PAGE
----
730 AMS catching the big birds
YOKOTA AIR BASE, Japan -- A C-5 Galaxy is the largest aircraft in the U.S. military, big enough to transport boats, helicopters and army tanks. When a C-5 stops by Yokota, on its way to deliver a boat to a Pacific Navy installation, who marshals in the 380,000 pounds aircraft? Who replaces the engine for a C-17 Globemaster III transporting three Sikorsky UH-60 Black Hawk helicopters? When the U.S. president comes to Yokota, who refuels his jet and fixes the navigation system? These responsibilities belong to the 730th Air Mobility Squadron maintenance section.
"The planes that go through here, they go to the desert; they drop off supplies downrange," said Senior Airman Sevutha Nhek, 730 AMS aerospace propulsion journeyman. "When you see the jets here, they're doing real-world missions."
The 730 AMS provides maintenance support for four kinds of aircraft from 19 bases across the Indo-Asia Pacific Region and the Continental United States According to Staff Sgt. Steven Pruesser, 730 AMS crew chief. Those aircraft, including the C-5, C-17 Globemaster III, KC-10 Extender and KC-135 Stratotanker, support missions across the U.S. military and the world.
"Maintaining proficiency in multiple aircraft can be difficult for our Airmen," said Master Sgt. Eric Schroeder, 730 AMS production superintendent.
Schroeder said many of his Airmen come from bases where they worked on a single frame. They become adept with their aircraft, but when they are assigned to the 730 AMS they have to have a general knowledge of multiple aircraft.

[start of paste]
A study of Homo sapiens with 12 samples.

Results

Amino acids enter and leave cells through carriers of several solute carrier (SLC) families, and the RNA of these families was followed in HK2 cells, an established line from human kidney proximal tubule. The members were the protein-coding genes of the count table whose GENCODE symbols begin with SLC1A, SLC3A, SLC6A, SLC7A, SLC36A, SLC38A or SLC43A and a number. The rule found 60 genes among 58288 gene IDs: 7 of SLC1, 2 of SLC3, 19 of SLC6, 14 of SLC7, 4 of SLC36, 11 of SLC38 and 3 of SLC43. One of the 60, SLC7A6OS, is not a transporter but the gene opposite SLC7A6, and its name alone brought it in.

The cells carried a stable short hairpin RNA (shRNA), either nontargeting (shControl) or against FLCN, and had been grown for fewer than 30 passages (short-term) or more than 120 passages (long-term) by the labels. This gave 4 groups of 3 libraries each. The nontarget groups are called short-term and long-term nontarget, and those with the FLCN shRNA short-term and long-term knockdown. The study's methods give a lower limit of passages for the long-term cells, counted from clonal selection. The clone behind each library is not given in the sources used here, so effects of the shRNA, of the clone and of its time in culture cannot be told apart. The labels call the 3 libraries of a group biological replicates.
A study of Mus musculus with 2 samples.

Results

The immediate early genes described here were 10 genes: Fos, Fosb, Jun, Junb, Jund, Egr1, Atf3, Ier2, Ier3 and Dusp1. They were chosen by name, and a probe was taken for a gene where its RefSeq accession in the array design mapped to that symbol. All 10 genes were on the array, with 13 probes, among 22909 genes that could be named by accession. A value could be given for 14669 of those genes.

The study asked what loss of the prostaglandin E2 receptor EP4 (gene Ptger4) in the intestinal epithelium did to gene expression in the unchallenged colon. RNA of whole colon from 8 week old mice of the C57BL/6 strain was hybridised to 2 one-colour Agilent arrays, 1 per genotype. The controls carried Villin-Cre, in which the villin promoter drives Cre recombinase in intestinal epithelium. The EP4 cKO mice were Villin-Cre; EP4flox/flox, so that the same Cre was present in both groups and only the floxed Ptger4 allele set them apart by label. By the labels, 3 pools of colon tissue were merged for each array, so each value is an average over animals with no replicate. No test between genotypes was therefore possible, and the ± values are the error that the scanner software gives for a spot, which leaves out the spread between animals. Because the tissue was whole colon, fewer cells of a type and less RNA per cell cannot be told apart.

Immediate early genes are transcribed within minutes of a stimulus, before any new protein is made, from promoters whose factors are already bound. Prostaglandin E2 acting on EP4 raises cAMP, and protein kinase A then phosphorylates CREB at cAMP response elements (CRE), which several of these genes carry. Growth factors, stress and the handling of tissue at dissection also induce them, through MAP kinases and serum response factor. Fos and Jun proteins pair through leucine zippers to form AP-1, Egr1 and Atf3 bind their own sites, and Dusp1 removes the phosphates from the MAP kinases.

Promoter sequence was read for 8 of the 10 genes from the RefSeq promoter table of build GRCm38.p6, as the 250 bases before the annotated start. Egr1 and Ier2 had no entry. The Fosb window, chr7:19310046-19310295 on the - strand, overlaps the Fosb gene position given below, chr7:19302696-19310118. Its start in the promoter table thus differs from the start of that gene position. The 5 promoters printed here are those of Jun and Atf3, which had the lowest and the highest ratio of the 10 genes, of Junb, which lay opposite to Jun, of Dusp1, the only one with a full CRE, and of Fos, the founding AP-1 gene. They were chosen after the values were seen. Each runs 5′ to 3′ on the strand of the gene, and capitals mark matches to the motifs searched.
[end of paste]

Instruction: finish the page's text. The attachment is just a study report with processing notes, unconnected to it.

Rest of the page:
Without the added challenge of working on multiple airframes, maintaining any aircraft is a high-stakes game.
"If you rush things on a jet, that's someone's life right there," Nhek said. "If a plane does go down you have to ask yourself the question 'where's it going to land?' You don't want it to go down on someone's house. It's all about the safety. That's the number one thing here."
The most challenging maintenance job the 730 AMS deals with is changing a C-5 engine.
"There's so many lines; Oil lines, fuel lines and electrical lines," Nhek said. "When the engine separates from the wing, you don't know if it's going to have a snag line, or if you forgot a bolt."
One engine is worth approximately $22,000,000, which only adds to the importance of getting the job right the first time, according to Nhek.
Despite the pressures, there are some parts of the job the Airmen say they appreciate.
"The most rewarding part, I'd have to say, is the great group of people I get to work with," Schroeder said. "Also just seeing the missions move. That's something I've always enjoyed."
Several Airmen echoed the same idea of community.
"There's a lot of bonding in and outside of work," Pruesser said. "We don't push each other away. We talk to each other and socialize outside of work. Even our supervision, they're always trying to make sure that we're okay. If you have problems at home they don't want you to be here worrying about them. They'd rather you just go home and make sure that your wife is okay and then come back."
According to Nhek, the maintenance world is challenging because the cost of mistakes can be so high. The 12 to 15-hour shifts can be a trial as well.
"The maintenance world can be hard sometimes," Nhek said. "At the same time seeing a jet take off and do its mission, there's a little bit of pride in that. The people you work with is what makes work fun. There's a lot of camaraderie between the guys on the flight line."